Fall is in full swing, and for most families, so is a return to the school year routine. But for some kids, adjusting back to this schedule can be stressful—and can take a little longer than you’d like to find balance.
But now that you have to organize your days around school work, extracurricular activities, and other events, healthy habits can easily fall by the wayside. Luckily, autumn is the perfect time of year to rein in these bad behaviors and establish a new set of healthy practices that will carry you through to the end of the year and beyond.
Rise and shine
For those who like to sleep in, weekday mornings are a rude awakening. You and your kids will have a set wake-up time and a restricted time frame before you have to run out the door. Instead of racing through your morning, make sure you allot enough time to each task you need to accomplish—showering, eating breakfast, getting your belongings together—because it’s better to work with the clock rather than against it.
Once you’ve estimated how much time each task will take, you can decide which parts of your routine to adapt to first—and why not start at the beginning?
Your day often begins and ends at the bathroom sink, where much of your routine occurs. If you have to shuffle little ones out of bed and into the bathroom in the morning, try making this a more fun and inviting space. One of kids’ least favorite tasks—brushing teeth—can be made exciting by playing music and timing their brushing to the tune. According to the ADA, it should take at least one minute and thirty seconds to properly brush your teeth—the perfect amount of time to fit in your child’s favorite song. You can even let them pick out a brand-new toothbrush to help them get excited about the idea.
Incorporating other basic oral hygiene habits, like flossing and rinsing with mouthwash, is also important for a back to school routine. Starting these positive practices slowly, while kids are adjusting, will encourage them to continue these behaviors throughout the year and can help ensure their pearly whites look nice on picture day.
Ween off the sugar
Ice cream, slushies, cotton candy—they’re a favorite for kids but they also do a number on our teeth (and our health in general). Use any opportunity when the kids aren’t home to clean up the fridge and pantry and replace sugary drinks and snacks with less-acidic, healthier options. Fruits like apples and berries are still in season in some places, and they make for a delicious snack that won’t be as hard on sensitive teeth, as well as crunchy veggies that are high in vitamin A, like carrots and broccoli.
Along with switching up the foods your family is eating, making sure they have plenty of healthful drinks to enjoy is equally important. Juices like lemonade and orange juice are delicious on a warm day, but the high level of acid can do major damage to your enamel. Water is always the best choice, but if you find it difficult to get your kids excited about the thought of plain water, try throwing a bottle of unsweetened fruit-flavored sparkling water into their lunch bags.
It’s also a good idea to schedule a dental appointment early in the school year. Kids typically must have a number of medical clearances before heading back to school, but a trip to the dentist isn’t usually one of them. This doesn’t mean it’s not important, though. Summer snacking could have resulted in the dreaded cavity, but even if your child leaves the dentist’s chair with a clean bill of health, you’ll want to tackle any possible procedures—like fillings and sealant treatments—while he or she has time to relax at home afterward.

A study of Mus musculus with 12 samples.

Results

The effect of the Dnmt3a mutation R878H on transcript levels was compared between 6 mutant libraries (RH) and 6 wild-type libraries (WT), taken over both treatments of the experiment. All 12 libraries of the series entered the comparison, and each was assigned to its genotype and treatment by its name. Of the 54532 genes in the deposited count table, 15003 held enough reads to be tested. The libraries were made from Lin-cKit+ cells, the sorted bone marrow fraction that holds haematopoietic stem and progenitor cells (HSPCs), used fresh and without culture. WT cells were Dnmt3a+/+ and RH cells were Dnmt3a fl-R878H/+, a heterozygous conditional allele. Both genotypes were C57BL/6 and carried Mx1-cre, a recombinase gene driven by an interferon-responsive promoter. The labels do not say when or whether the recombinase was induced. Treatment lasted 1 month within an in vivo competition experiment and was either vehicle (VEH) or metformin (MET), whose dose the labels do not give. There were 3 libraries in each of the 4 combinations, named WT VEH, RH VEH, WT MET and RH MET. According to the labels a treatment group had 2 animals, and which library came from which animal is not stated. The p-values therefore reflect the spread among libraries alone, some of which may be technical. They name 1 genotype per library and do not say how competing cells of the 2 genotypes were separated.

Keeping up after school
Once your child gets home from school, it’s important to keep the healthy habits going and establish a set time for before-bed tasks. Of course, your schedule can be subject to change with extracurricular activities or other plans, but it’s extremely helpful to establish an expected time for children to bathe, brush their teeth, and get ready to go to sleep.
Once dinner is done, encourage kids to help clear the table and, when everything is cleaned up, allow them thirty minutes of an activity they enjoy (if time allows and their homework is finished). Not only does this help move the after-dinner cleanup process along, it will help establish order and allow your kids time to release some energy before bed.
If getting kids into the bathroom in the morning is tough, maintaining a proper evening routine can be even more challenging. But it’s important to take into consideration that, between school and any after-school activities they may have, your children are likely very tired, even if they won’t admit it. Encourage them to complete all of the necessary before-bed tasks, like putting on their pajamas and brushing their teeth, by reading to them throughout or turning the process into a game or puzzle.
Patience is a virtue
Ultimately, getting back into the swing of things during the school year takes time. It’s a busy time of the year for everyone, so take solace in the fact that you’re not alone in the madness.
What’s most important to remember is that, by establishing a set routine early and trying your best to stick to it, your family will adapt much more quickly and will avoid getting burned out. Find the routine that works best for you and your family, and help keep everyone healthy (and stress free) this season.